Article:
Investment Properties for Sale Havana

For over 50 years, the US embargo business with Cuba excluded Americans and discouraged people from other nations from participating in real estate transactions on the island nation. In fact, since the embargo was passed by the US Congress in 1961, conducting business in Cuba, which is only a short flight from Miami, has been virtually impossible.

Even today, many types of business transaction are considered illegal for US citizens under the Trading with the Enemy Act, but with US President Barack Obama easing diplomatic tensions with Cuba’s leaders – achieved with support and encouragement from many Cuban-Americans – the freeze on purchasing properties in Havana and beyond has quickly started to thaw.

As is the case in any emerging market, investors have long used so-called “under the table” methods to purchase property in Cuba. Foreigners often funnel funds to a Havana resident friend or relative to buy property, holding the title under the Cuban national’s name. Such approaches will doubtless continue, at least until President Raul Castro’s government totally ease restrictions on purchasing property.

Cuban-Americans can also send up to $8,000 annually to relatives or dependents in Cuba, and they can take up to $10,000 cash with them on each trip to the island. This can add up to substantial sums for purchasing properties for sale in Havana, but, again, they would have to be held in a Cuban national’s name.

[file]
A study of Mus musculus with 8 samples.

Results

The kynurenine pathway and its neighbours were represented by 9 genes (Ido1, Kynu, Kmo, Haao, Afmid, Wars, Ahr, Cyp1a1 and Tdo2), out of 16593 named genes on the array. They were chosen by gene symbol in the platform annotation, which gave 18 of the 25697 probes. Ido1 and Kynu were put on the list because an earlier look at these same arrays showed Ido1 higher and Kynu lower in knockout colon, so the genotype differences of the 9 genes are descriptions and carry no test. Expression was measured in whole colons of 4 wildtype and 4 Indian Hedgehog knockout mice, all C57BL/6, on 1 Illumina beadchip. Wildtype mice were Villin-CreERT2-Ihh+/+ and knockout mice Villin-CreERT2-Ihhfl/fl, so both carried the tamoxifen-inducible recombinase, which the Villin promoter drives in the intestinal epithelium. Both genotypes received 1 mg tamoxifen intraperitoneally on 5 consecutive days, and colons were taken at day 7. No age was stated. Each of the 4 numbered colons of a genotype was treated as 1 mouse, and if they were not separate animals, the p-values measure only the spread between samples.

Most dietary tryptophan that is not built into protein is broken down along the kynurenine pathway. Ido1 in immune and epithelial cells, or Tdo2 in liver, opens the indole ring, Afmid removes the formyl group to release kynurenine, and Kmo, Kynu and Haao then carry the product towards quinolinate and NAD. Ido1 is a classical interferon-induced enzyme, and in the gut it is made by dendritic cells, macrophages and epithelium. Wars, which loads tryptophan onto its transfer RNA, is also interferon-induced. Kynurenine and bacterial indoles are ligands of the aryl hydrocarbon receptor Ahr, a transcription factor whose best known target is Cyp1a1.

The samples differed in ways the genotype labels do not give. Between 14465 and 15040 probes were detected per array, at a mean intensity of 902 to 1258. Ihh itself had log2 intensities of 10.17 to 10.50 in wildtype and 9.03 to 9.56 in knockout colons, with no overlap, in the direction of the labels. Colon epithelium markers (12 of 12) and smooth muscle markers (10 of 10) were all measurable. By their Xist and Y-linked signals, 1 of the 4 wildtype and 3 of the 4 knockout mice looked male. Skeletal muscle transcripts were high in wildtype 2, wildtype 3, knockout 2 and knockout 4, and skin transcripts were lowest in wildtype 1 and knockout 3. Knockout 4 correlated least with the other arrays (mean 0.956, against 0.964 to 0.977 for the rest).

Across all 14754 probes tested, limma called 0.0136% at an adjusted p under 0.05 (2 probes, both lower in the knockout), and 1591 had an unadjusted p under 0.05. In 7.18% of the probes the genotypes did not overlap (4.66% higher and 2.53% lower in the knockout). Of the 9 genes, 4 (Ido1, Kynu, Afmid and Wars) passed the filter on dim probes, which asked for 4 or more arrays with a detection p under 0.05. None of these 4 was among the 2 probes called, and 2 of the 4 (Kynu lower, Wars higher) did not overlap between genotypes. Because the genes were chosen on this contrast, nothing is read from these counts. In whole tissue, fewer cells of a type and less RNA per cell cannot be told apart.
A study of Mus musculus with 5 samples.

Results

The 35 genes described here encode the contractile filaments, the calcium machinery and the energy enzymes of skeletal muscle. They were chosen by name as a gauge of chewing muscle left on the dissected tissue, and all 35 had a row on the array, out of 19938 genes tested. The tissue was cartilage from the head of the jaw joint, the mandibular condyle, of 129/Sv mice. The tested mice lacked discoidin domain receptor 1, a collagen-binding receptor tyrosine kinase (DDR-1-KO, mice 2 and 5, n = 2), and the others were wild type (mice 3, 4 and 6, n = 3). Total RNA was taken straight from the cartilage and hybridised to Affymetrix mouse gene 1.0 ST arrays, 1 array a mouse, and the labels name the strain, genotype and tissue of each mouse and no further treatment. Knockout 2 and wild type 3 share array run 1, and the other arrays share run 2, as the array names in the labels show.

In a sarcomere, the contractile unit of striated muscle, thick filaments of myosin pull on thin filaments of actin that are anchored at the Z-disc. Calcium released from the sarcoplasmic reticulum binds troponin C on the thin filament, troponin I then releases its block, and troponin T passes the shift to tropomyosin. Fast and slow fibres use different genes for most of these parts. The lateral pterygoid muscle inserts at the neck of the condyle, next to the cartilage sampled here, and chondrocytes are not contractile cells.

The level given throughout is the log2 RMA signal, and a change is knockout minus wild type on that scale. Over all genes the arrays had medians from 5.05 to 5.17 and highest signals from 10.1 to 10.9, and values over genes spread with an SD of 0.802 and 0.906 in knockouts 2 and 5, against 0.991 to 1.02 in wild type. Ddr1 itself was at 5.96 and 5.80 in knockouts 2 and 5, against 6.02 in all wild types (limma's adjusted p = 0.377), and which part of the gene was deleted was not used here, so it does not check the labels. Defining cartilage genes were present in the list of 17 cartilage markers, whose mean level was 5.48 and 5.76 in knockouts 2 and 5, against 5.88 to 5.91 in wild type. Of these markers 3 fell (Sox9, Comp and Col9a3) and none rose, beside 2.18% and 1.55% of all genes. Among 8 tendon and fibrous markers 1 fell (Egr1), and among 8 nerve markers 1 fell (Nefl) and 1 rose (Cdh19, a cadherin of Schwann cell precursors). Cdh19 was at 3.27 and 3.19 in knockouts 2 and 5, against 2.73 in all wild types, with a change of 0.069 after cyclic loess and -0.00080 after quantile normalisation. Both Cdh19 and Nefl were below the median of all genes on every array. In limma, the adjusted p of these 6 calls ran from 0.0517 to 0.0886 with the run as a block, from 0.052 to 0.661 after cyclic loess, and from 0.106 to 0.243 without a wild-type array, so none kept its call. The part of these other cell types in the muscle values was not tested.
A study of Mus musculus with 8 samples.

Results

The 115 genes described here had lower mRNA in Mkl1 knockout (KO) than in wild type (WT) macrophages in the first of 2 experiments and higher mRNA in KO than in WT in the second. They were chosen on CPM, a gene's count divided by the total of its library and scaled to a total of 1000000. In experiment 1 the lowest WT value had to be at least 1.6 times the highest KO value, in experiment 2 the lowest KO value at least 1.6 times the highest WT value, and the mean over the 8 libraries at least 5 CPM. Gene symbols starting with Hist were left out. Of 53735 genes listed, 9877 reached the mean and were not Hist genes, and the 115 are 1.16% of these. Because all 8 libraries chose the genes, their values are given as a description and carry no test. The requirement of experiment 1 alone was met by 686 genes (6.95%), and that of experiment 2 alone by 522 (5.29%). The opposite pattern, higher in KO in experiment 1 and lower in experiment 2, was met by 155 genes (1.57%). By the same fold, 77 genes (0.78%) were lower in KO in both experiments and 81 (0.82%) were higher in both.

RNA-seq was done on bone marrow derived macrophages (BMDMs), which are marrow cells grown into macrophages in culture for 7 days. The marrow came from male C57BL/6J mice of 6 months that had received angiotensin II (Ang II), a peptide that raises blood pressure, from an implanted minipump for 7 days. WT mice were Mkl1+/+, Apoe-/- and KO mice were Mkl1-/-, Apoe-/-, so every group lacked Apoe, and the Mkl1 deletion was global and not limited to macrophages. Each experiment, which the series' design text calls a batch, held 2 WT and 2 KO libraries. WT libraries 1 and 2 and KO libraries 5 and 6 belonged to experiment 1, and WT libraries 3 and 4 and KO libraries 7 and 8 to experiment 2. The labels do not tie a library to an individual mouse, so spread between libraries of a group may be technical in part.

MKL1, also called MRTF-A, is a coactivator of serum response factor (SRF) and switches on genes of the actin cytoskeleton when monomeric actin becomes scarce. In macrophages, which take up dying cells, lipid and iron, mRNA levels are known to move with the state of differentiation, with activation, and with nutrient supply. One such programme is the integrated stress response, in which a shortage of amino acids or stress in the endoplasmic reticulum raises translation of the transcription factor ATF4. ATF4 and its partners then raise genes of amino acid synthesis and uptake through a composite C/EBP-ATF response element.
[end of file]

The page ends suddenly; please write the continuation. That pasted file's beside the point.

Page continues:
Recently, however, new laws have opened up Cuba’s property markets to other forms of international investment. Non-resident foreigners can now purchase properties through a totally owned foreign capital Cuban company, via an international economic association agreement, or they can create a joint venture company with a Cuban national to buy real estate assets.

Another new policy is further boosting interest from non-Cuban buyers. One-year, renewable residence visas are also now available for foreigners who purchase properties. This positive change has clearly charged up Cuban nationals with Havana properties for sale, and they are swiftly renovating many of the capital’s dilapidated properties in the hope of attracting investors from around the world.